The Reserve Bank of Zimbabwe (RBZ) on Friday said it could not give a date when the promised bond notes would be introduced as the cash crisis gripping the country worsens, with established banks reducing withdrawal limits.
BY BUSINESS REPORTER
RBZ governor John Mangudya early this month announced that the central bank would introduce the bond notes with denominations ranging from between $5 and $20 backed by a $200 million facility from the African Export-Import Bank.
The notes, like bond coins introduced in 2014 to ease the shortage of smaller denominations, will be pegged to the US dollar.
Mangudya’s announcement, although it was met with a lot of scepticism, had raised hopes the cash shortages that have seen depositors struggling to access their savings, would be alleviated in the short-term.
However, the central bank governor who was attending African Development Bank meetings in Lusaka, Zambia said the bond notes solution will not come “overnight”.
“Procurement of bond notes is also a process. It is a long process,” he said.
“It starts with designing, origination and printing. It’s not an overnight thing that’s why I said they will be introduced in the future. [There was] no time frame.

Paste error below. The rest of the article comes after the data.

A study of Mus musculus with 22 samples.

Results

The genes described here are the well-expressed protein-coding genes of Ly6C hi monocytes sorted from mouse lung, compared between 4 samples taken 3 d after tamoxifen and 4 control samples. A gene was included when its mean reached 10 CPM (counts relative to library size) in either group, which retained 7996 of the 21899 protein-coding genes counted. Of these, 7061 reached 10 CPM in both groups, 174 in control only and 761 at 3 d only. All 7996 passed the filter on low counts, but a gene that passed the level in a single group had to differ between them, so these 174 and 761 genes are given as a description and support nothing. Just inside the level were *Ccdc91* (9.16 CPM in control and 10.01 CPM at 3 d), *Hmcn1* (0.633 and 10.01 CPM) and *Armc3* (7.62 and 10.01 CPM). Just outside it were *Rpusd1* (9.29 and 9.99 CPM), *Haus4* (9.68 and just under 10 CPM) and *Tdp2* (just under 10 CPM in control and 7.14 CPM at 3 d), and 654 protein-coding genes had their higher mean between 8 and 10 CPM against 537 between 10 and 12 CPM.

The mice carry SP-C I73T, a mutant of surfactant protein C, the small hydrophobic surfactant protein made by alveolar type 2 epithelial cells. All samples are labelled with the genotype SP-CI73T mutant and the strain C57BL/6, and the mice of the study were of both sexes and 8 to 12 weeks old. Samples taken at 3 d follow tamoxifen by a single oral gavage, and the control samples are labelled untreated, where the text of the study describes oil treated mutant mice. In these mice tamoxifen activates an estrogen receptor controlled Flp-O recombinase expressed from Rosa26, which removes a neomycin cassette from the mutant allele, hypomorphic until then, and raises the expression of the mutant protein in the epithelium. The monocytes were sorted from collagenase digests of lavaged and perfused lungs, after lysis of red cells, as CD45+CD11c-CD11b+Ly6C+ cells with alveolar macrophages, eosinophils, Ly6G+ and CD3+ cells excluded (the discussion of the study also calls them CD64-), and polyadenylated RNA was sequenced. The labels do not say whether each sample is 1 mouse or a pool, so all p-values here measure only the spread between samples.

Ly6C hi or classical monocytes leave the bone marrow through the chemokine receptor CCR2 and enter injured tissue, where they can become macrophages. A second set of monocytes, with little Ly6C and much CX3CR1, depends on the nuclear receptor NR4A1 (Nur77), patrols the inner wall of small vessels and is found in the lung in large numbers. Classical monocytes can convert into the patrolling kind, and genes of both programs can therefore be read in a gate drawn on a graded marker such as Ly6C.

“The minimum time it takes to procure such security documents is between four and five months.”
Mangudya said international financial institutions were also assessing the move to introduce the bond notes as Zimbabwe was undergoing economic reforms that enjoyed their backing.
A fortnight ago, the RBZ said it had imported cash worth $15 million to ease the liquidity crisis but the relief appeared to be short-lived as queues began to resurface at most banks last week.
Mangudya said the central bank would continue to import cash to meet demand.
Some established banks that had been giving depositors the maximum $1 000 withdrawal limit stipulated by the RBZ had severely cut down on the allocation.
Stanbic Bank on Friday sent account holders messages informing them that it had since reduced the withdrawal limit to $300 from $500.
Financial institutions are also trying to encourage their clients to use plastic money, but uptake has been slow.
RBZ insists the bond notes would be introduced to support an incentive scheme for exporters to kick-start the ailing economy.
According to the bank, exporters would get a 5% incentive.
Bond notes are also meant to curb the externalisation of cash and revive the multi-currency system following fears that currencies such as the South African rand were no longer being utilised due to the strength of the US dollar.